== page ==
The internet, one occasionally hears, has overtaken the function of the library. In terms of storing and making accessible all of human knowledge, the ways in which the capacities of the internet match or exceed those of even the most enormous library seem obvious. In theory, digital libraries don’t burn down, at least when properly set up, nor, with their ability to exist above national boundaries, do they get sacked by invading armies. Even so, as Google recently proved when its years-long book-digitization effort Project Ocean came up against legal obstacles, the physical realm hasn’t quite ceded to the online one.
“When the library at Alexandria burned it was said to be an ‘international catastrophe,'” writes The Atlantic‘s James Somers in a piece on the ambitious, troubled project. When the court ruled against Google’s version, though, fewer tears were shed.
At least when Heidelberg’s Bibliotheca Palatina, the most important library of the Germain Renaissance, became a piece of booty in the Thirty Years’ War in 1622, its 5,000 printed books and 3,524 manuscripts remained, in some sense, available — albeit split, from then on, between Heidelberg and the Vatican’s Biblioteca Apostolica Vaticana.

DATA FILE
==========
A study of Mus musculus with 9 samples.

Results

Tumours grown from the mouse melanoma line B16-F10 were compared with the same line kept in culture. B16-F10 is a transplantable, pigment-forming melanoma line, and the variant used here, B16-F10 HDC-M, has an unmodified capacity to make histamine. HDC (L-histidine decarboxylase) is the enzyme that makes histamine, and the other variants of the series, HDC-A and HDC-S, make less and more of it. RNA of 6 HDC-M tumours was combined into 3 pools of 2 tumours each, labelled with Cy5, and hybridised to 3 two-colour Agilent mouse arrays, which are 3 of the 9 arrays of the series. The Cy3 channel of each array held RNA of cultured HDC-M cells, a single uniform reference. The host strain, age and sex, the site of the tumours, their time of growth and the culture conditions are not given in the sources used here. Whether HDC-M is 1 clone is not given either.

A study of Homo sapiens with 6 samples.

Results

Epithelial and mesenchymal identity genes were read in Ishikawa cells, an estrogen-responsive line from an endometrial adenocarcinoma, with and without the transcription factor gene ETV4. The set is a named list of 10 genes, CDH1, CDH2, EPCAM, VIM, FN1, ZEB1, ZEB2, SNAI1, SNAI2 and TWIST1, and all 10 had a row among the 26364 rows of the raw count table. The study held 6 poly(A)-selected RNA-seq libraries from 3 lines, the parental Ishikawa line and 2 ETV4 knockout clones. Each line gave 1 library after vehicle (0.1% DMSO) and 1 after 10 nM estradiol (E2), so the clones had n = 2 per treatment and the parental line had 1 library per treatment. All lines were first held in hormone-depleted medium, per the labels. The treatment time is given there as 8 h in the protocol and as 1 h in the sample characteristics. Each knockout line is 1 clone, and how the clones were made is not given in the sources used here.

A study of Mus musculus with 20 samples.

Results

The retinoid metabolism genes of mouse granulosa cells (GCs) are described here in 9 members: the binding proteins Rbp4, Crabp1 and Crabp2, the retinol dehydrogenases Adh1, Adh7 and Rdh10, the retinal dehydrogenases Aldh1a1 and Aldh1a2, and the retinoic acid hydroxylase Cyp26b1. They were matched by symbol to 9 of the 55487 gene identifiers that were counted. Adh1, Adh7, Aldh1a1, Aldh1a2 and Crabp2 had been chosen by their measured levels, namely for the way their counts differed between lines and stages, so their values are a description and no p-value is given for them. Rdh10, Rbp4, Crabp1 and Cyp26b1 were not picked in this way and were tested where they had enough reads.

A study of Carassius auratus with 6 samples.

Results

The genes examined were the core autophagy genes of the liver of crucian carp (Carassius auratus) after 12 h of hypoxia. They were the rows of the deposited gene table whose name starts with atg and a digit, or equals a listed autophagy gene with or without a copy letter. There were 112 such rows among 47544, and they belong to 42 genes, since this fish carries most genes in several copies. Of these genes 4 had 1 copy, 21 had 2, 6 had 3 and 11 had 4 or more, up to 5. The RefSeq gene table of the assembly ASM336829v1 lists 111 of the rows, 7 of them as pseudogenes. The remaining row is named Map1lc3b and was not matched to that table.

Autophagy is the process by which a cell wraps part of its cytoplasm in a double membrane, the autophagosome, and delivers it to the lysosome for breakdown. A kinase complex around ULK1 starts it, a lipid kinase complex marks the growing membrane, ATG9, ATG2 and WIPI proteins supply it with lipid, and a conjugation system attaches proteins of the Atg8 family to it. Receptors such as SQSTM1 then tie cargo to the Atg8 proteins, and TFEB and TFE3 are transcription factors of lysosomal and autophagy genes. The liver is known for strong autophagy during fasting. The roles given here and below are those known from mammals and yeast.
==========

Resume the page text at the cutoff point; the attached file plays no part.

“At the beginning of the 17th century,” says Medievalists.net, the Bibliotheca Palatina “was known as ‘the greatest treasure of Germany’s learned.’ As a universal library, it contains not only theological, philological, philosophical, and historical works but also medical, natural history, and astronomical texts.” Now, its “core inventory” of approximately 3,000 manuscripts has become available free online at the Bibliotheca Palatina Digital. Since 2001, says its site, “Heidelberg University Library has been working on several projects that aim to digitize parts of this great collection, the final goal being a complete virtual reconstruction of the ‘mother of all libraries.'”
From there you can browse the Bibliotheca Palatina Digital’s Codices Palatini germanici, “the largest and oldest undivided collection of extant German-language manuscripts”; the Codices Palatini latini, where “you will eventually be able to access more than 2,000 Latin manuscripts”; and the Codices Palatini graeci, which houses “digital facsimiles of 29 Greek manuscripts which are now kept in Heidelberg University Library.” It also offers sections on the history of the Bibliotheca Palatina; on the Codex Manesse, “the world’s richest anthology of mediaeval German song”; and (for now in German only) on the manuscripts’ decorations and the insight they provide into “the thematically diverse art of mediaeval book-making.” And none of it subject to sacking — unless, of course, history has a particularly nasty surprise in store for us.
Enter the Digital Bibliotheca Palatina here.